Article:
Rhomboid


Traditionally, in two-dimensional geometry, a rhomboid is a parallelogram in which adjacent sides are of unequal lengths and angles are non-right angled.

A parallelogram with sides of equal length (equilateral) is a rhombus but not a rhomboid.

A parallelogram with right angled corners is a rectangle but not a rhomboid.

The term rhomboid is now more often used for a parallelepiped, a solid figure with six faces in which each face is a parallelogram and pairs of opposite faces lie in parallel planes. Some crystals are formed in three-dimensional rhomboids. This solid is also sometimes called a rhombic prism. The term occurs frequently in science terminology referring to both its two- and three-dimensional meaning.

Euclid introduced the term in his Elements in Book I, Definition 22,

Of quadrilateral figures, a square is that which is both equilateral and right-angled; an oblong that which is right-angled but not equilateral; a rhombus that which is equilateral but not right-angled; and a rhomboid that which has its opposite sides and angles equal to one another but is neither equilateral nor right-angled. And let quadrilaterals other than these be called trapezia.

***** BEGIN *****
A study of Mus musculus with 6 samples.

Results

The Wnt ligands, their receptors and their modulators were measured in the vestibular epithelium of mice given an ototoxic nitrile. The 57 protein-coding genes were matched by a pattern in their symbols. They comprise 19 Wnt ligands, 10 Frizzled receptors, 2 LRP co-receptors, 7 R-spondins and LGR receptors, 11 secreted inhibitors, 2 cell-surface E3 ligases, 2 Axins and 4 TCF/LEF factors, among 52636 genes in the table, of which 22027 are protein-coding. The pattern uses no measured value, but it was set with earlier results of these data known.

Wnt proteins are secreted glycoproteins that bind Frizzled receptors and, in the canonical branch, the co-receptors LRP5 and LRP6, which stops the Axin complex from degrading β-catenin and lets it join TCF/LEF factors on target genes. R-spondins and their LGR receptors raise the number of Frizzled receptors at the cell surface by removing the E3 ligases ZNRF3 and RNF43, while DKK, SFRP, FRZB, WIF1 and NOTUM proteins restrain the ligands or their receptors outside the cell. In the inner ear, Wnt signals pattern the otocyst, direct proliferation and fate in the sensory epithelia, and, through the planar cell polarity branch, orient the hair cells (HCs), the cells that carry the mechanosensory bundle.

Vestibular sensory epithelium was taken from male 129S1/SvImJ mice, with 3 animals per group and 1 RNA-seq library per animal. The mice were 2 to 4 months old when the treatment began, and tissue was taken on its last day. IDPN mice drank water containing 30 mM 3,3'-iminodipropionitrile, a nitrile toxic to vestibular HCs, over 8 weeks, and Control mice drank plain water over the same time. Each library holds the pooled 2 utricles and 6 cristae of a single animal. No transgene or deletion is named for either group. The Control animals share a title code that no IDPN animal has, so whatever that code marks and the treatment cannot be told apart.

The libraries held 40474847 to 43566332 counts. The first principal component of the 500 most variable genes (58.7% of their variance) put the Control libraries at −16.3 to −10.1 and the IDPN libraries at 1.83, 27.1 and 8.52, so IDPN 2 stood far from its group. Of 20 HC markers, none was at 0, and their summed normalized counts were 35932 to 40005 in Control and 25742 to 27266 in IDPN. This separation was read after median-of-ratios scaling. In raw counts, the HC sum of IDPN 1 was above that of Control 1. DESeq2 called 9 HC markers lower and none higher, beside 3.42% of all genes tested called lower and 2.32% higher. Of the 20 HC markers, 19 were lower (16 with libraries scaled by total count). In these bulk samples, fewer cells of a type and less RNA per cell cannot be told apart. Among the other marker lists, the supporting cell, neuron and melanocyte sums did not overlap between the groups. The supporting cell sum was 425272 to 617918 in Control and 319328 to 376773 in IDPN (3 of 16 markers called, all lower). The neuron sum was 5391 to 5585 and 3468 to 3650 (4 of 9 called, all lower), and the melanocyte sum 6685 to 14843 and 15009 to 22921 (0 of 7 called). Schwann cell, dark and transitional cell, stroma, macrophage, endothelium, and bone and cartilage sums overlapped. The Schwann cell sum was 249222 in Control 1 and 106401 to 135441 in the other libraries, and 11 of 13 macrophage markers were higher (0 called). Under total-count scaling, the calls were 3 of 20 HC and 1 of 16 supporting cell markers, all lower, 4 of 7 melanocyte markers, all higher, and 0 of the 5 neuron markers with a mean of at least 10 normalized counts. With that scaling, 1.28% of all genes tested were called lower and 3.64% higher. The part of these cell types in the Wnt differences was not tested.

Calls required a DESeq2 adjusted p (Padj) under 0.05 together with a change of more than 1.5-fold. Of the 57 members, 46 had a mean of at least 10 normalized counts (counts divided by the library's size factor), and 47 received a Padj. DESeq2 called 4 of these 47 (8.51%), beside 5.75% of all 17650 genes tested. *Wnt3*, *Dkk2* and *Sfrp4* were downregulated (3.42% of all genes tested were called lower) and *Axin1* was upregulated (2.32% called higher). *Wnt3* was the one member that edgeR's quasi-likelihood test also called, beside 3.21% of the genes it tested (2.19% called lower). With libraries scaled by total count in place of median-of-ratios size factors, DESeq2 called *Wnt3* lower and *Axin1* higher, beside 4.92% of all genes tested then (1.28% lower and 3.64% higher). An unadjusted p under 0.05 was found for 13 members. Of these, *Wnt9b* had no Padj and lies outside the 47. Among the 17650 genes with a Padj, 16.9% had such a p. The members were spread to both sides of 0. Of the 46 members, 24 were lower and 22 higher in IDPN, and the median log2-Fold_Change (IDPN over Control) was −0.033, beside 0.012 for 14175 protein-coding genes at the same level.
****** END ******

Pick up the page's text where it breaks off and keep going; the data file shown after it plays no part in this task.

—Translation from the page of D.E. Joyce, Dept. Math. & Comp. Sci., Clark University [1]

Euclid never used the definition of rhomboid again and introduced the word parallelogram in Proposition 31 of Book I; "In parallelogrammic areas the opposite sides and angles are equal to one another, and the diameter bisects the areas." Heath suggests that rhomboid was an older term already in use.

Symmetries[edit]

The rhomboid has no line of symmetry, but it has rotational symmetry of order 2.

In biology[edit]

In biology, rhomboid may describe a geometric rhomboid (e.g. the rhomboid muscles) or a bilaterally-symmetrical kite-shaped or diamond-shaped outline, as in leaves[1] or cephalopod fins.[2]

In medicine[edit]

In a type of arthritis called pseudogout, crystals of calcium pyrophosphate dihydrate accumulate in the joint, causing inflammation. Aspiration of the joint fluid reveals rhomboid-shaped crystals under a microscope.